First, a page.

Heroes

A very low-tech approach to cleaning the ocean could have big results.

'It's a big mission, but it can be done. In fact, we're doing it right now.'

A very low-tech approach to cleaning the ocean could have big results.

Two Australian surfers just came up with a really neat way to help clean the ocean.

It's called the Seabin, and it's the brainchild of Andrew Turton and Pete Ceglinski. They call it "a simple solution to our oceans' pollution."



It lives up to its name, looking like a bin in the sea.

Here's how it works.

Water and trash flow through the bin. The trash gets caught in the bin, while the water gets pulled up through a pump on the dock. Then a water pump separates oil from the water, and the water flows back down where it started, sans trash.

Image from The Seabin Project, used with permission.

The trash is collected by simply pulling the Seabin out of the water and dumping it out.

Ewwww ... you might have been swimming in that.

While other ocean-cleaning ideas are being put into place right now, the Seabin is a bit different.

Take, for example, The Ocean Cleanup, a 1.2-mile-long system slated for launch in 2016. The Ocean Cleanup collects plastic as it washes through the structure. The Seabin, as you can see, is a tiiiiiiiny bit smaller than that.


OK, a LOT smaller.

And while The Ocean Cleanup will handle plastic in the deeper ocean, the Seabin is made primarily for docks, marinas, and yacht clubs. And unlike The Ocean Cleanup, the Seabin can also capture and separate oil from the water, too, which is a big deal.

Plus, a single Seabin can collect more than a half ton of trash per year.

That's a little over 1,200 pounds, to be more specific. The creators plan to make future Seabins out of recycled plastic, too.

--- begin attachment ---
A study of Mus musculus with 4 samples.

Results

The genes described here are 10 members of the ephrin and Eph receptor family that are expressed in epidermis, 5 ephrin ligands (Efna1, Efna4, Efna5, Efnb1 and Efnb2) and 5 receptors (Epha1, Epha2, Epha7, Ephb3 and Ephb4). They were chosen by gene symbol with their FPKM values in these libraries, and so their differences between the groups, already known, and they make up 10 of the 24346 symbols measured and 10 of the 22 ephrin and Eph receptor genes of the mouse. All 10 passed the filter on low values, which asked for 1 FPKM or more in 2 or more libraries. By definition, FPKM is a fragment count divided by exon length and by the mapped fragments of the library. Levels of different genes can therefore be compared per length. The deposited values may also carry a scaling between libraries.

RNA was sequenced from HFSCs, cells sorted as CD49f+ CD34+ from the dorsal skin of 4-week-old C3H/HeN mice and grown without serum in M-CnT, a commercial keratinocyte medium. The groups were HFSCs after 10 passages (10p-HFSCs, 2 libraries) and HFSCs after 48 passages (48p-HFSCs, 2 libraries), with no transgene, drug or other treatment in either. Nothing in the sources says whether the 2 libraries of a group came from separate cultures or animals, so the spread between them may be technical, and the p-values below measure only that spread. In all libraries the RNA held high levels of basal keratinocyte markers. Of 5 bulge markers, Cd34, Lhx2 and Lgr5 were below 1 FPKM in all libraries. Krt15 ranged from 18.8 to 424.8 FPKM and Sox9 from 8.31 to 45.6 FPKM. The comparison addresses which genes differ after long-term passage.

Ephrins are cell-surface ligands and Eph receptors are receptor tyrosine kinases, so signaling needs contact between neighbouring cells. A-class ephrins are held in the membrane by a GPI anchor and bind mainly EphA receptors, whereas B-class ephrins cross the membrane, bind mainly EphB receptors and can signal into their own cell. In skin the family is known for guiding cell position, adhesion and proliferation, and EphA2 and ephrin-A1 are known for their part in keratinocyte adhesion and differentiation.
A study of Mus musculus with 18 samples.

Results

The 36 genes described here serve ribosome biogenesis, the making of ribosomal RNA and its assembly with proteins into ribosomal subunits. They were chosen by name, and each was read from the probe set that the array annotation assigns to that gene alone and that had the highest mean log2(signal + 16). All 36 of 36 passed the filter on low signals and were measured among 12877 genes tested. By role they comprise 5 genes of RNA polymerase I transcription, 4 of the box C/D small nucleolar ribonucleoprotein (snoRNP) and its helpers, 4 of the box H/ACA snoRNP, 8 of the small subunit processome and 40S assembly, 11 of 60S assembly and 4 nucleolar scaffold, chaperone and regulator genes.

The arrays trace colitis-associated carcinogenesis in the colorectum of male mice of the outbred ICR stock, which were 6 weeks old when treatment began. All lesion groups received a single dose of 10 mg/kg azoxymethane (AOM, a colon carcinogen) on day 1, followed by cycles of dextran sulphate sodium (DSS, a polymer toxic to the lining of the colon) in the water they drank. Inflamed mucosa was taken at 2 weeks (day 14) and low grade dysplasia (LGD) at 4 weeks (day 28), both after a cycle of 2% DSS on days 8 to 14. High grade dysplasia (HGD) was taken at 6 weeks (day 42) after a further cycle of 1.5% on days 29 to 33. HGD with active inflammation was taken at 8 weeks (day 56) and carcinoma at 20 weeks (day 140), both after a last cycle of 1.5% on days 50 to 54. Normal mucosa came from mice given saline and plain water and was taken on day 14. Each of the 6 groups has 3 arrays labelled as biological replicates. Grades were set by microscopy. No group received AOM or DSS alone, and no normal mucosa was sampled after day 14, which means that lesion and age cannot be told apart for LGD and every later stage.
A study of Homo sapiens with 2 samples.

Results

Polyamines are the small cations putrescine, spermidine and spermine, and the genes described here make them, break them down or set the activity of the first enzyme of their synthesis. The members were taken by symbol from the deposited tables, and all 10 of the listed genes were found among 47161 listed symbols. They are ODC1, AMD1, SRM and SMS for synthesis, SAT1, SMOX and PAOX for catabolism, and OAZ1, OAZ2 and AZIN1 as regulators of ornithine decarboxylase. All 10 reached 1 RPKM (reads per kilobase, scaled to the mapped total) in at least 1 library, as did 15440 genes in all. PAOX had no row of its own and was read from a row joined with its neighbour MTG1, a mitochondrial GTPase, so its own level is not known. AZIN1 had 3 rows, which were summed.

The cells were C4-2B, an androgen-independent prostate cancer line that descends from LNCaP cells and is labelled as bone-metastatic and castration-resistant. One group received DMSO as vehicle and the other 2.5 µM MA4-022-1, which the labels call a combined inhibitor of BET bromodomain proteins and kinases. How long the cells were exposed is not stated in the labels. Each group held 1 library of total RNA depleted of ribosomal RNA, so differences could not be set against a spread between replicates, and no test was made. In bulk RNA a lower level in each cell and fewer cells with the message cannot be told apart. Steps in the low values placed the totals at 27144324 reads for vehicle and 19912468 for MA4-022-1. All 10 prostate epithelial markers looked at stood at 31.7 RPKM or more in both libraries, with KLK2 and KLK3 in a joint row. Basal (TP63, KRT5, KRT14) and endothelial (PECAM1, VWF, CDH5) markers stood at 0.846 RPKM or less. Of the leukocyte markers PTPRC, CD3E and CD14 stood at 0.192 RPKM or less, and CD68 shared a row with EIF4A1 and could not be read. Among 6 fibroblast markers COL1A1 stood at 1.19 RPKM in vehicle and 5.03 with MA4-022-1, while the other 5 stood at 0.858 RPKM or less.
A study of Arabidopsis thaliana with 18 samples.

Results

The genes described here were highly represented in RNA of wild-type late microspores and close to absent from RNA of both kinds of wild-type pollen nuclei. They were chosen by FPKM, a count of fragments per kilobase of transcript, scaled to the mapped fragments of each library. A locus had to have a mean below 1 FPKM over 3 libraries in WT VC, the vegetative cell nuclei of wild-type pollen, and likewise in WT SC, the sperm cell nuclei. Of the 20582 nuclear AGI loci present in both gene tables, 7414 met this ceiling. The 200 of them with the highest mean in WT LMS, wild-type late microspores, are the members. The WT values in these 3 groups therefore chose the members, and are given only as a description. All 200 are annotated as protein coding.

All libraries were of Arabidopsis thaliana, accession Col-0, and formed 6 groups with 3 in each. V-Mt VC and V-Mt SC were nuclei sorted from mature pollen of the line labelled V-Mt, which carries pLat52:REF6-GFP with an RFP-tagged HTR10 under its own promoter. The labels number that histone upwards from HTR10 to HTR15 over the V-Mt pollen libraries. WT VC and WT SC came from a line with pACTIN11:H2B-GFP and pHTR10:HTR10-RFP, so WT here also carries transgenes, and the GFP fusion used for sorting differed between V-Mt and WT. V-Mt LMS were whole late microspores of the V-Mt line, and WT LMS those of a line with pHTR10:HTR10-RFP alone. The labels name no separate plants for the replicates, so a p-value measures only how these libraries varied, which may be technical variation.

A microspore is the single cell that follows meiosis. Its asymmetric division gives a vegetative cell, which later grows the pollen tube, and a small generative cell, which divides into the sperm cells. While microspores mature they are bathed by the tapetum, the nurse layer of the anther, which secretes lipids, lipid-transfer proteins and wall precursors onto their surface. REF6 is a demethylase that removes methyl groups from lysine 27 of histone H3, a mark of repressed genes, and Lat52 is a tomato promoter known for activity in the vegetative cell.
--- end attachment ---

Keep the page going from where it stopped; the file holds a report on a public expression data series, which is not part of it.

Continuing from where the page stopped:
“One of the goals is to make the Seabin from our own plastics to create another Seabin to capture more; it’s a domino effect,” the creators explained in a video. “The second goal is to create a world where we don’t need the Seabin.”

For now, we need all the help we can get when it comes to our oceans.

Every year, 8 million tons of plastic wind up in the ocean, and it's estimated that the ocean is currently home to around 5.25 trillion (with a "t") pieces of plastic.

A man removes plastic bags and other rubbish from Manila Bay. Photo by Jay Directo/AFP/Getty Images.

"It's a big mission, but it can be done. In fact, we're doing it right now."

That's the message Seabin creators have for the world. It's easy to feel hopeless and throw your hands up in defeat, but if we all work together to find the right combination of antipollution tactics, we can reclaim clean, beautiful oceans.


Amazon is giving back by fulfilling hundreds of AmazonSmile Charity Lists, and donating essential pantry and food items to help organizations like Bread for the City provide to those disproportionately impacted this year.

Visit AmazonSmile Charity Lists to donate directly to a local charity in your community, or simply shop smile.amazon.com and Amazon will donate a portion of the purchase price of eligible products to your charity of choice.

Watch the full story:

Amazon is giving back by fulfilling hundreds of AmazonSmile Charity Lists, and donating essential pantry and food items to help organizations like Bread for the City provide to those disproportionately impacted this year.

Visit AmazonSmile Charity Lists to donate directly to a local charity in your community, or simply shop smile.amazon.com and Amazon will donate a portion of the purchase price of eligible products to your charity of choice.